BMJ 2009; 339 doi: https://doi.org/10.1136/bmj.b4121 (Published 07 October 2009) Cite this as: BMJ 2009;339:b4121
  1. John Zarocostas
  1. 1Geneva

    The Office of the United Nations High Commissioner for Refugees (the UN Refugee Agency) is putting more money into its basic healthcare operations worldwide in a bid to reduce morbidity and mortality and boost access to treatment for millions of refugees, internally displaced people, asylum seekers, and other people of concern.

    António Guterres, the high commissioner, said at the end of a session of the agency’s governing board that more funds have been put into programmes to combat malaria, malnutrition, anaemia, and sexual and gender based violence and to boost reproductive health.

    Mr Guterres, a former prime minister of Portugal, told the BMJ that the main killer in refugee camps was malaria. Reproductive health was also “something that was going badly, and we need to do much more,” he added.

    The Refugee Agency’s annual report for 2008 on public health and HIV says that malaria, acute respiratory infections, diarrhoeal diseases, and malnutrition continue to be the main causes of illness in refugee camps, especially among young children, while chronic cardiovascular disease and diabetes are more prominent in urban refuges.

    At present about 10 million refugees and other persons of concern in more than 120 camps in some 50 countries benefit directly from access to public health and HIV interventions supported by the agency.

    Its report, which presents information on programmes in 33 countries covering 5.6 million people, notes that primary care services supported by the agency cover 90% of refugees’ healthcare needs.

    The agency said it is striving for a rate of use of camp health facilities of one to four visits per refugee per year—a target that has been reached in all countries apart from Cameroon and Pakistan. The aim is for each trained clinician to conduct fewer than 50 consultations per day, equivalent to about 10 minutes per consultation. This target has been achieved by most countries, except for Bangladesh, Kenya, Myanmar, and Tanzania, the agency said.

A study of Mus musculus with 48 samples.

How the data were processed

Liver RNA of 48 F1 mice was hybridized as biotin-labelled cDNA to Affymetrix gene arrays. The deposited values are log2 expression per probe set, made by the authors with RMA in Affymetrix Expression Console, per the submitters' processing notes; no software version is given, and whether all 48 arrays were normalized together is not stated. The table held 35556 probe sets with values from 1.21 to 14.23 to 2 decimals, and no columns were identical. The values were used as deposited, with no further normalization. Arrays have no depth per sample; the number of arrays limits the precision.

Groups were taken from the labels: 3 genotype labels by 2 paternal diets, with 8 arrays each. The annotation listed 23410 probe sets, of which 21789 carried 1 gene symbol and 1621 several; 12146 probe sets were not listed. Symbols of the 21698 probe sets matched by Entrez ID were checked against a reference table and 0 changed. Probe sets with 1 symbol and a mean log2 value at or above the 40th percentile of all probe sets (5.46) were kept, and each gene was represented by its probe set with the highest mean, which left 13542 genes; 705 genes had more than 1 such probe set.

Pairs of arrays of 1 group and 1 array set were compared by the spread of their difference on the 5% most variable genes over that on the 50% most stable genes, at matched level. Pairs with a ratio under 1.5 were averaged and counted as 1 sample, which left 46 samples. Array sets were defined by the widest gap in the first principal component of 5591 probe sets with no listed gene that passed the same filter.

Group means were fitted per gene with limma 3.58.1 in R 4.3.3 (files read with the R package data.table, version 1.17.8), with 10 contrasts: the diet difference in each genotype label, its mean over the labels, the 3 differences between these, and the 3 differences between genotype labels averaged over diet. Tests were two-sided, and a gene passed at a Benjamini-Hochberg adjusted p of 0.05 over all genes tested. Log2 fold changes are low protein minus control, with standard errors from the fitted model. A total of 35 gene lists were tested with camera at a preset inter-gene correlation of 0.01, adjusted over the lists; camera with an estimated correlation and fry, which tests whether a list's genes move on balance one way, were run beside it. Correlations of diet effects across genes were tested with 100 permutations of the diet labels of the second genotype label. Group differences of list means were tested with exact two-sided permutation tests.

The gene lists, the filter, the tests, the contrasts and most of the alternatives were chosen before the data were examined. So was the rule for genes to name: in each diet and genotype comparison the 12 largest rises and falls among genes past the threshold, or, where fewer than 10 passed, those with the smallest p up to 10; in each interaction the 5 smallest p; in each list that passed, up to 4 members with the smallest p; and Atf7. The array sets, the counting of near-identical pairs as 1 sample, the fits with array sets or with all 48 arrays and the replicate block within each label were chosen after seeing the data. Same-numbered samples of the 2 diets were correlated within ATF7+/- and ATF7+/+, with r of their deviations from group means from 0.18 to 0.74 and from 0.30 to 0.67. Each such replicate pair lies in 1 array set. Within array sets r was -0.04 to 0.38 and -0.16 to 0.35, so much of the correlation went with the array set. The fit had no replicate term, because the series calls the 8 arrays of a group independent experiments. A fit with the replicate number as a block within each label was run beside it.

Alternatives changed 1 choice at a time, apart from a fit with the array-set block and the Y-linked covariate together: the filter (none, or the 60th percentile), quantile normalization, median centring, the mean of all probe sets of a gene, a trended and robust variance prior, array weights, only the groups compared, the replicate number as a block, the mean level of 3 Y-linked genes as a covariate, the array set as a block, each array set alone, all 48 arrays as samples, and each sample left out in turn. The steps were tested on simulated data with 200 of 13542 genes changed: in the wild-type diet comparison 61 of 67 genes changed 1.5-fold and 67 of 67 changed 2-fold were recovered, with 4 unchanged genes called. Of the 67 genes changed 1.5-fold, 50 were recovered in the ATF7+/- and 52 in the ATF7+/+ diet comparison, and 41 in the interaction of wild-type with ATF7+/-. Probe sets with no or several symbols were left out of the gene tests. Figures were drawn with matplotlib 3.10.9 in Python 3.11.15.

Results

With regard to mortality rates, the agency said that the crude mortality rate in the refugee camps has remained below the threshold of 1.5 deaths per month per 1000 population. Of deaths in hospitals, 36% were among children aged under 5 years and “occurred within 24 hours of admission to the hospital,” says the report. “This number is an indication of the need to improve the referral system.”

    The report says that infections of the lower respiratory tract infections and malaria in endemic areas such as central, east, and west Africa pose continuing challenges.

    The high proportion of neonatal deaths in all regions is also of concern, says the report. Of particular concern are the high death rate related to tuberculosis in Yemen and the proportion of deaths from malnutrition in the refugee camps.

    In the case of malnutrition, early case detection and timely management need to be improved, the report says.

    Notes

    Cite this as: BMJ 2009;339:b4121

    Footnotes

    • UNHCR 2008 Annual Report: Public Health and HIV is available at www.unhcr.org.